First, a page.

Low-lying placenta (placenta praevia): Causes, symptoms, diagnosis, treatment
What is placenta praevia or low-lying placenta?
Low-lying placenta, or placenta praevia, is a complication of pregnancy where the placenta that feeds the growing baby is attached to the lower part of the womb near to or covering the cervix.
Low-lying placenta may be picked up during a routine 20-week ultrasound scan appointment.
In some cases, a placenta that is seen to be low-lying will move upwards later in pregnancy.
Any bleeding from placenta praevia at the entrance to the womb in the second half of the pregnancy can be heavy and a risk to the baby and the mother's health. After a low-lying placenta diagnosis, seek medical advice if there's any bleeding during pregnancy.
Having a low-lying placenta means it is more likely a caesarean section delivery will be recommended.
There are several types of placenta praevia:
- A low-lying placenta is near the cervical opening but not covering it. It will often move upward in the uterus as your due date approaches.
- A partial placenta praevia covers part of the cervical opening.
- A total placenta praevia covers and blocks the cervical opening.
What causes a placenta praevia?
The cause of placenta praevia is usually unknown, although it occurs more commonly among women who are older, smoke, have had children before, have had a caesarean section or other surgery on the uterus, or have scars inside the uterus.
Women with placenta praevia - specifically if they have a placenta praevia after having delivered a previous baby by caesarean section - are at increased risk of placenta accreta, placenta increta or placenta percreta.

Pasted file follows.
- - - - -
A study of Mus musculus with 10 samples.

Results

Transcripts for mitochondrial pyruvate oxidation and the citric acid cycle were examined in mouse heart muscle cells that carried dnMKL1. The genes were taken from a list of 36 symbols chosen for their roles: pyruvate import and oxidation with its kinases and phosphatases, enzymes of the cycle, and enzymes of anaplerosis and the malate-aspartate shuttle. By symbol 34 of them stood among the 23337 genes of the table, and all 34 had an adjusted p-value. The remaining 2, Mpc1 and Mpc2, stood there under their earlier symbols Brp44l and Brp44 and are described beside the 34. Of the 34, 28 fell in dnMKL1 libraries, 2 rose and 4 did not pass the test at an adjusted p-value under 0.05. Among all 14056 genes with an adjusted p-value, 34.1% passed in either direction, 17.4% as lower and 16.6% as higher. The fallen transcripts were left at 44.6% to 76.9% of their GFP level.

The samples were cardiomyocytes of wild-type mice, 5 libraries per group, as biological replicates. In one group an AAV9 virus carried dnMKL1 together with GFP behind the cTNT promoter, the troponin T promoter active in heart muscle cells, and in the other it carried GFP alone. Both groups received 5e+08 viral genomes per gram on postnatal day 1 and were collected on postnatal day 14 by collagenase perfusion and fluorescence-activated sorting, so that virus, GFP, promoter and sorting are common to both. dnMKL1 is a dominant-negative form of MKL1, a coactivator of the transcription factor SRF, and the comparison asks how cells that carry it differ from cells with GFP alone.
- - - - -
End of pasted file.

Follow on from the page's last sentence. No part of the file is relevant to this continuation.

In placenta accreta, the placenta is firmly attached to the uterus. In placenta increta, the placenta has grown into the uterus; and in placenta percreta, it has grown through the uterus. This condition is often first suspected because the woman has both a praevia and a prior caesarean section. It can be confirmed by ultrasound, CT scan or MRI, though those tests are not completely reliable. Women with one of these conditions usually require a hysterectomy after delivery of the baby, because the placenta does not separate from the uterus.
What are the symptoms of placenta praevia?
The main symptom of placenta praevia, and the greatest risk to you and your baby, is vaginal bleeding. If you have bled too much, other symptoms include anaemia, pale skin, rapid and weak pulse, shortness of breath, or low blood pressure. The bleeding that signals placenta praevia may occur at the end of the second trimester or beginning of the third trimester. It may be heavy or light.
Bleeding is usually painless, and it may happen without labour or during labour. Mothers with a placenta praevia are also at increased risk of delivering prematurely, before 37 weeks of pregnancy.